Last week, my RSR partner Paula Rosenblum highlighted how “perennial good karma citizen Patagonia continues on-brand and on heart… the company doesn’t get nearly enough press for its good deeds … but it’s clearly an example of long-term thinking and short-term good energy.” Even as we all cope with the sudden and severe cessation in all things “normal” in response to the pandemic sweeping the world, we’re starting to see good citizenship in action, especially from those businesses that are deemed “essential services”.

Last week in California, the governor declared a state of emergency, and identified specific services that were allowed to continue to operate, including pharmacies, grocery stores, farmers markets, food banks, convenience stores, and take-out & delivery restaurants. Since people have to eat, designating those businesses as “essential” makes all kinds of good sense. Unfortunately it wouldn’t be all that surprising if stories started to emerge of bad fast moving consumer goods (FMCG) actors price gouging on high-demand consumable products, risking long-term brand damage for the sake of short term profitability.

But it’s an underlying truth of that industry vertical that the successful ones are hyper-responsive to local demand, and pay very close attention how they are perceived. And, similarly to Paula’s observation about Patagonia, we’re able to see regional grocers rise to the occasion.

I decided to take a look at how some of the regional operators have responded to the COVID-19 pandemic. The idea was triggered by a message on March 16th from the CEO of a Northern California regional grocer, Keith Knopf of Raley’s. The CEO outlined several of the steps that the grocer is taking in light of the sharply increased demand for certain products and services. But he also pointed out that in order to support seniors who are staying in their homes, the company has established a special program that includes a pre-selected bag of grocery staples at a discounted price. Knopf also said that the grocer will continue to work with local food banks to provide a steady supply of staples, and he encouraged everyone to donate to Raley’s foundation, called Food for Families.

Finally, the CEO reached out to people in the community who have been laid off from their jobs: “we are working with other business partners such as hotel and restaurants to provide their temporarily displaced employees an opportunity at Raley’s. In the coming days we expect to add several hundred new jobs for an initial period of 30 days.” The following week, Raley’s CEO announced a special bonus of its existing employees as a way to say “thank you” for the extra effort the company required of them.

It’s a good example of a company thinking about the community that it serves, but it’s certainly not the only one out there.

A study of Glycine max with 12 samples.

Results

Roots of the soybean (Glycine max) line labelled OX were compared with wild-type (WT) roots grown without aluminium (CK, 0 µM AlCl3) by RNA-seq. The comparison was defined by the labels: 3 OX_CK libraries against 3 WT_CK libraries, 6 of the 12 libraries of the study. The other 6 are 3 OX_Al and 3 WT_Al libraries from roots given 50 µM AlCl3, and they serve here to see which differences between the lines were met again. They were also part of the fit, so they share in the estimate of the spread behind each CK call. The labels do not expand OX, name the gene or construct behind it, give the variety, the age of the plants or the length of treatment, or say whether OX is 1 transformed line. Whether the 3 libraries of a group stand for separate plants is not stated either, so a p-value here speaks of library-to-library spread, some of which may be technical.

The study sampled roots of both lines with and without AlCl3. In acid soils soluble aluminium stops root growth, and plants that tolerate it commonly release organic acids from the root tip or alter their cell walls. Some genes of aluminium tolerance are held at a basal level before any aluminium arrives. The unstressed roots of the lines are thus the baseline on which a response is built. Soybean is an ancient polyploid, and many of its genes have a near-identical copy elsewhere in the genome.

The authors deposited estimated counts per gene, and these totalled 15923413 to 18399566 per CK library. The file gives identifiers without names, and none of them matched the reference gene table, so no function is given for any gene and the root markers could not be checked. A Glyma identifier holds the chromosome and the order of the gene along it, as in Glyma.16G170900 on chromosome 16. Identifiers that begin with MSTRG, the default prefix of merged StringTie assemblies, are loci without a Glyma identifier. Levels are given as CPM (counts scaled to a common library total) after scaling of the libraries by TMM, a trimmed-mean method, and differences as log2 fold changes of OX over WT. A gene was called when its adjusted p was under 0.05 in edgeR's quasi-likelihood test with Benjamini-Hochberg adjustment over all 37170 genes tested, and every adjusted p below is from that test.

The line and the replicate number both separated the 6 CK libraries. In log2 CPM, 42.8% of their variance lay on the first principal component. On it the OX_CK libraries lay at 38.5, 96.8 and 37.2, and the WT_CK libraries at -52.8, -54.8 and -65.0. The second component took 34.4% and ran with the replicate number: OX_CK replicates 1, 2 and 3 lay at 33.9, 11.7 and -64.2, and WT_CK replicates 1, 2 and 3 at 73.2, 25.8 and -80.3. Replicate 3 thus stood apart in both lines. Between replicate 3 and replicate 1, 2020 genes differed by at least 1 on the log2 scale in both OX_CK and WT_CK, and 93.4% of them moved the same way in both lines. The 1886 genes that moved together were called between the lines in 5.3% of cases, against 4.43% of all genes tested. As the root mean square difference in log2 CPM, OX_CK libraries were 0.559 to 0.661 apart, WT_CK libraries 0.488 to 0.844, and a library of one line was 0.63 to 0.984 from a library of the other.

In Texas, the gold standard of regional grocers, HEB, launched “Texas Helping Texans” in partnership with Favor Delivery, which it described as “a simple, low-cost solution that gives seniors access to their very own personal shopper by phone, allowing them to get essential food and supplies delivered to them, while remaining in the comfort and safety of their home.”

Eastern U.S. regional powerhouse Wegman’s announced special senior shopping hours, beefed up health and safety measures for the stores, and an enhanced disability pay policy and employee assistance resources for those impacted by COVID-19.

Ohio-based regional grocer Heinen’s offered on online “Tips for Boosting Your Immune System” newsletter, and highlighted the presence of a Wellness Consultant is each of its 23 store locations.

Retailers like Costco, Publix, and others have offered similar programs to help the communities they serve and their employees weather the storm of the pandemic. And that kind of focus certainly isn’t limited to the U.S. For example, premier UK grocer Waitrose recently announced that it is setting aside certain hard to find items exclusively for NHS (National Health Service) employees, to “help get crucial basics to NHS staff working around the clock during the coronavirus pandemic.”

Extraordinary examples aren’t only confined to FMCG retailers. For example, on March 22nd Petco CEO Ron Caughlin announced its new Petco Partner Assistance Fund, which has been kickstarted with a $2 million donation from Petco, and additional donations from CVC Capital Partners and personal donations from every member of Petco’s Board of Directors and the executive team. The CEO wrote, “whether it’s needed now, as a result of the extraordinary and still undetermined effects of COVID-19, or later down the road, this fund is intended to provide Petco partners with necessary relief and peace-of-mind when they may need it the most.”

These are great examples of retailers acting responsibly in the face of unusual circumstances. But it also points to an underlying truth, and that is that these retailers know that in the long term, their value is defined by how well consumers identify with the brand. There is no more powerful brand attribute than for a retailer to be identified as “my <store>”, for example, “my Costco” or “my Raley’s”.

It gets down to what need a retailer really serves. While all grocers serve a basic need, “to eat”, the real differentiator is found in those retailers who consumers “belong” to. It doesn’t take a global pandemic to bring out these behaviors in the best retailers – they are this way year in and year out.